Friday, February 10, 2006

Of seminars and toons...

‘However ‘with it’ JUDE might be, a course is a course is a course, and there are some rules. Hence the compulsion of talking about and/or writing papers on things you haven’t a clue about, which, we’re told in candid moments, is the rite of initiation into academics. The trick, apparently, is to be confidently confused (obscure too, if you can manage it) so that everybody (nearly…) puts incomprehension down to his or her own stupidity. And applauds loudly. It’s therefore a rare delight to have the opportunity to write a paper (of sorts) on other people who haven’t a clue what they’re on about, and are blissfully unaware of it. It helps, perhaps, that neither of them are technically ‘academics’.

We shall, however, play nice and not speak too ill of them. The much publicized panel discussion on censorship started without the star attraction, Ms. Nasreen. Never a good sign. The two other speakers were, at best, irrelevant. I take nothing away from FAS – certainly, they deserve credit for the kind of work they are doing: showcasing films banned arbitrarily from Nandan at the whims of the head of state, short films which would otherwise have gone entirely unnoticed, organizing sessions with directors – but it would have been less of a wasted effort if the two panellists had kept in mind that:

1. The topic of the evening was ‘Censorship’.

2. They were addressing an audience consisting of almost exclusively University students belonging to the Faculty of Arts, who would have considered a familiarity with the basic premises of democracy, hegemony and State-sponsored censorship a prerequisite to such a seminar, and would therefore justifiably have considered a skewed expounding of the definitions of the same for over an hour a considerable waste of their time.

There really is very little to say about the seminar, which leant heavily towards personal anecdotes and did not touch ‘censorship’ except when it came as an aside into their narrative, chiefly in the guise of the (film) Censor Board of India.

The cleverer ones among us will probably see this post – my attitude – as a censoring of the panel discussion. Well, no, see, because I didn’t have the power, the authority to stop the seminar just because it did not meet my approval. Mr. Bhattacharya did, and hence A Day from a Hangman’s Life was removed from Nandan.

The whole point of this blog, as I understand it – apart from being cynical about the chances of true freedom of speech and expression – is to promote and preserve the right to act like I (and those in the audience who did not exercise their choice to walk out) did, irrespective of our power to influence the situation. The conscious decision not to rise to obvious baits, because that only prolongs and makes ugly a few moments of annoyance or inadvertent entertainment, depending on one’s point of view. Joseph’s film wasn’t an exceptional one in any respect, and the attention it received was chiefly due to its censor, providing several a platform to bolster their libertarian public image.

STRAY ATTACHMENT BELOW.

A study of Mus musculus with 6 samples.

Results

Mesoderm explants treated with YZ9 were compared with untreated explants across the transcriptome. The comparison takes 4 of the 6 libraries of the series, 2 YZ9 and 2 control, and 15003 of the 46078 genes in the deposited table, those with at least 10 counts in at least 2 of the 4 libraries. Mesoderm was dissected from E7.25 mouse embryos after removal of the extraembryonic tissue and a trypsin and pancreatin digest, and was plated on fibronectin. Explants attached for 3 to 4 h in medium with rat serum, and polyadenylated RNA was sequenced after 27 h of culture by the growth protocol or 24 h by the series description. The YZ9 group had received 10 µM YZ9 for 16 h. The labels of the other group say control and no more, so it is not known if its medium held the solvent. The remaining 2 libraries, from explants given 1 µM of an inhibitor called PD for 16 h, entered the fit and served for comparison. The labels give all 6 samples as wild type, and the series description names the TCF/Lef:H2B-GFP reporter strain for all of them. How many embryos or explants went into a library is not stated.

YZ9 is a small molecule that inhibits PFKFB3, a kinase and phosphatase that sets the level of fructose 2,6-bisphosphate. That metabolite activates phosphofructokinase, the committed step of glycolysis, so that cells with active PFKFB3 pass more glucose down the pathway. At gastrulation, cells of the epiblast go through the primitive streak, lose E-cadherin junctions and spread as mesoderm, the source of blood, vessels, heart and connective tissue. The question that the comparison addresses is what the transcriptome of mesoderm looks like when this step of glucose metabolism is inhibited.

But here’s the catch: discretion in censorship is then, perhaps, the key to those censoring, as well? If something isn’t paid any attention, if something is pointedly and aggressively ignored, it usually goes away. And once it fades from public memory, it usually stays faded. In fact, it took me a couple of minutes to realise the film was about the Dhananjay Chatterjee, who was the staple headline just over a year back.

The trouble with something as broad a term as 'censorship' is that it’s much more context-dependant than most. If we chose not to scream ‘Get to the point!’ at the speakers at Monday’s seminar it was because it would have been futile. A waste of energy, to speak nothing of rudeness. Besides, what would we have achieved? A couple of embarrassed gentlemen? An expulsion from the hall? And who knows, there might have been people who actually enjoyed the seminar. What right had we to spoil it for them?

Doesn’t hold water, this peaceful tolerance, when it comes to this. Then again, why not? Why must people be so sensitive about religion?
Indeed, and why shouldn’t they be?
Look, what does it matter if non-believers say about us?
Exactly. What right do they have to mock us and ours?

You see the problem.

I have spent a year blogging, and am notorious for long posts that refuse to make a point. So I shall merely link to two people I read regularly, both scornful of political correctness and sometimes, even the social hypocrisies we pass off as multicultural sensitivity. As Sam Vimes often says, just because you’re an ethnic minority (any sort, anywhere), doesn’t mean your parents were necessarily married.

Here’s JAP’s take on the issue, which makes a very important point in one sentence: Morons. They just created another 257,385 Islamic suicide bombers. Bloody cretins.

And here’s the ever irreverent Arnab’s – incidentally, a BE from JU – post on it. He makes way too many very valid points in his characteristics style for me to list here. Do read. And don’t forget to click on the links. They’re there for a reason.


panu said...

The takes of JAP and Arnab were good, but your points took the cake.



P.S. Send me an invite so I can express my **** feelings as well

Rimi said...

thank you so much. but can't invite you, tintinda said only course-people.

panu said...

poor me. anyway... whats with the Nose Ring being s*ut thingy?? umm... that can be a moral censorship thing as well.